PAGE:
How did Bob Lutz let the Camaro out of the design studio?
I can claim only a shrunken six feet in height, and my close-cut and thinning hair is the opposite of Conan O’Brien’s pompadour, yet the top of my head scraped the roof of the sunroof-equipped Camaro. Lutz, General Motors’ legendary, and now retired, head of product development, is about four inches taller than I am, and his posture is much more erect. How does he squeeze into the driver’s seat?
Okay, I’ve gotten seated in the car, and adjusted the seat — which is the same sensation as sitting in a well. I feel like I’m scraping the pavement, the beltline easily rises to my shoulder, and my view forward includes more instrument panel than windshield.
Some of that’s good. The chunky gauges on the instrument panel are retro-themed but readable, and the surrounding pebble-grained plastic is well-done for this class of vehicle. I turn the steering-column mounted ignition key and pull back the shift lever with a hefty yank. You would never confuse the unyielding feel with a Lexus, but the stiff action is to be expected from a vehicle that attempts to recapture the ambiance of an original from 40 years ago.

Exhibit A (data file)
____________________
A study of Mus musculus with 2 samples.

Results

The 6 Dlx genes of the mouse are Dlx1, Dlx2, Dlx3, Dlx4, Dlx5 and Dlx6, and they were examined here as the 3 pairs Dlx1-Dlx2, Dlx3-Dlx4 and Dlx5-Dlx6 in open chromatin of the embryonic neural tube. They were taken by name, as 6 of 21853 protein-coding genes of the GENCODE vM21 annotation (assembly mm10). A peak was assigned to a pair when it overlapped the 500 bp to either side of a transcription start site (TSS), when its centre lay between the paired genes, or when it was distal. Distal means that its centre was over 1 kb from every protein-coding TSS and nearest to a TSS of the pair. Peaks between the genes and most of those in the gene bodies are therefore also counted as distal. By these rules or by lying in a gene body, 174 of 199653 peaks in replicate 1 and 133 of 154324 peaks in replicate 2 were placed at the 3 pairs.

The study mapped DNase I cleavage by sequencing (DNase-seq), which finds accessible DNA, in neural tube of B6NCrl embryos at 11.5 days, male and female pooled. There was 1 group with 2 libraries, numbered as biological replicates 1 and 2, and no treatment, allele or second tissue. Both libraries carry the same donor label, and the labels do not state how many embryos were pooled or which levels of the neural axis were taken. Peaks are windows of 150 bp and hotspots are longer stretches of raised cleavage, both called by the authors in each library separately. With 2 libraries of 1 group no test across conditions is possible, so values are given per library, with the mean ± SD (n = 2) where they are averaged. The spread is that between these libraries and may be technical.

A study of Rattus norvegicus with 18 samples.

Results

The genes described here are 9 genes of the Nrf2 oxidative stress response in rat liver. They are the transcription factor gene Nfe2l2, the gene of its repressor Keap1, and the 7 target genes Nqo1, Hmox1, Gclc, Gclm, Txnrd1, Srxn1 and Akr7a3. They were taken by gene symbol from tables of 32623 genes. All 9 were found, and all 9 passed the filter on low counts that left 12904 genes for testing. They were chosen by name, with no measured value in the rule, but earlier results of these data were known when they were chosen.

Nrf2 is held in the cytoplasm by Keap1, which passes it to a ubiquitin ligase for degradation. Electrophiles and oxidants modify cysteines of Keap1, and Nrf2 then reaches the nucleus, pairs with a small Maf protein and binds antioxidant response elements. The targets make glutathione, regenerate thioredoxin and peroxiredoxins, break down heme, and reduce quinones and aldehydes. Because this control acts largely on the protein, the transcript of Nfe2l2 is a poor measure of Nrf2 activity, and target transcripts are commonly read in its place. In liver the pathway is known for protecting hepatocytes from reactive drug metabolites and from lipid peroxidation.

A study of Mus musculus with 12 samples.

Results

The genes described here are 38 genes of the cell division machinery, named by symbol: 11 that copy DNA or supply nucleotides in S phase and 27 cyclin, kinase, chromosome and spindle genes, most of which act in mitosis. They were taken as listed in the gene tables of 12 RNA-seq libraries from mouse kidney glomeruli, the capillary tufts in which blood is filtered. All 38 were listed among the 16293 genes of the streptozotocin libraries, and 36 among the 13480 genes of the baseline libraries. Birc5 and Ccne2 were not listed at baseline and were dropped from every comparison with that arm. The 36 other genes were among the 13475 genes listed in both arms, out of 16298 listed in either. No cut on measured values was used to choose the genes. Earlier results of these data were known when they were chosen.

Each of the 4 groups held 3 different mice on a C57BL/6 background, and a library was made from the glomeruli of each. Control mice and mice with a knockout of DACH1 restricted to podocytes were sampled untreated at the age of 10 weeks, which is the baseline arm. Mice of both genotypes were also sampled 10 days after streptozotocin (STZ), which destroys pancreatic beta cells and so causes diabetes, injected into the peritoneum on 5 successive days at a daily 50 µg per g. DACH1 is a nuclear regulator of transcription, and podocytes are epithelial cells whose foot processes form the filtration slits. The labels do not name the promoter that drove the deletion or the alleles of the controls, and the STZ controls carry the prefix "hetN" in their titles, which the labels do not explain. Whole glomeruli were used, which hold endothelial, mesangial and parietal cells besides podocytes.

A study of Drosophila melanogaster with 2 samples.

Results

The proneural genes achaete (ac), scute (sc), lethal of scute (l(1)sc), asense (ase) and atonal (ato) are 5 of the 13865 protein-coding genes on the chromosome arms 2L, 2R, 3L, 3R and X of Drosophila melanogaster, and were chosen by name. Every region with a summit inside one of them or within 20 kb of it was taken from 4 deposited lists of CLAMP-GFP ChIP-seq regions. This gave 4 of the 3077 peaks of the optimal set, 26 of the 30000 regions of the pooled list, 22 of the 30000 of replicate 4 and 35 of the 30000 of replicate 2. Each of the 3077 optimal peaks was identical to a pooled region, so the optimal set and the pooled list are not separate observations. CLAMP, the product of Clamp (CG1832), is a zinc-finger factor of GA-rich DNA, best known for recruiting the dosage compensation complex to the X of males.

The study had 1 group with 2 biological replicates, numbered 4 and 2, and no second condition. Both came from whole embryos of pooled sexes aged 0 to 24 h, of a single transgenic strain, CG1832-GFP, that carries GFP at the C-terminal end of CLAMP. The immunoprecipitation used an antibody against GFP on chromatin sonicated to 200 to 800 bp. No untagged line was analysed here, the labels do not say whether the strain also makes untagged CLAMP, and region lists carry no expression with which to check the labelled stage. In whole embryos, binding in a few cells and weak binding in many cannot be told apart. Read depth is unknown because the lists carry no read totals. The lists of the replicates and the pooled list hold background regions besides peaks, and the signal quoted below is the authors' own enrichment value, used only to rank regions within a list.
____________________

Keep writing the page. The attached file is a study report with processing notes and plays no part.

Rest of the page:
Underway, the 3.6 liter, V6 engine makes all the right noises in producing 304 horsepower and launching the Camaro to 60 miles per hour in 6.1 seconds. This is a heavy car for its size — 3719 pounds — and wouldn’t be my first choice to navigate the twisty country paths of Connecticut’s Litchfield County, but it does just fine on the open road.
GM revived the Camaro in response to the sustained success of the Ford Mustang, and it arrives on the market a year after Chrysler’s similarly-inspired Dodge Challenger. It is no coincidence that the two laggards in this product segment have both entered bankruptcy court.
The Camaro makes its debut just as the Obama Administration has imposed strict new fuel economy standards for 2016. The Camaro is no slacker in this category by today’s standards. The V-6 is rated at 18 mpg city/ 29 mpg highway, and I recorded 26 mpg over several hundred miles of driviing.
What the future holds is something else. The whole pony car concept — big engine in a low-slung coupe body — seems dated and I can’t imagine a General Motors (GMGMQ) now largely owned by the U.S. government renewing this car at the end of its life cycle.
With an as-tested price of $31,485, the 2010 Camaro could appeal to those who owned an original and want to relive the experience, or to those who wanted an original but couldn’t afford one. Its attraction for the rest of us is limited.
And it would be non-existent for younger drivers. A 15-year-old enthusiast of my acquaintance all but sneered when he discovered what car I was driving. “Mr. Taylor,” he said, “I’m not into Camaros.”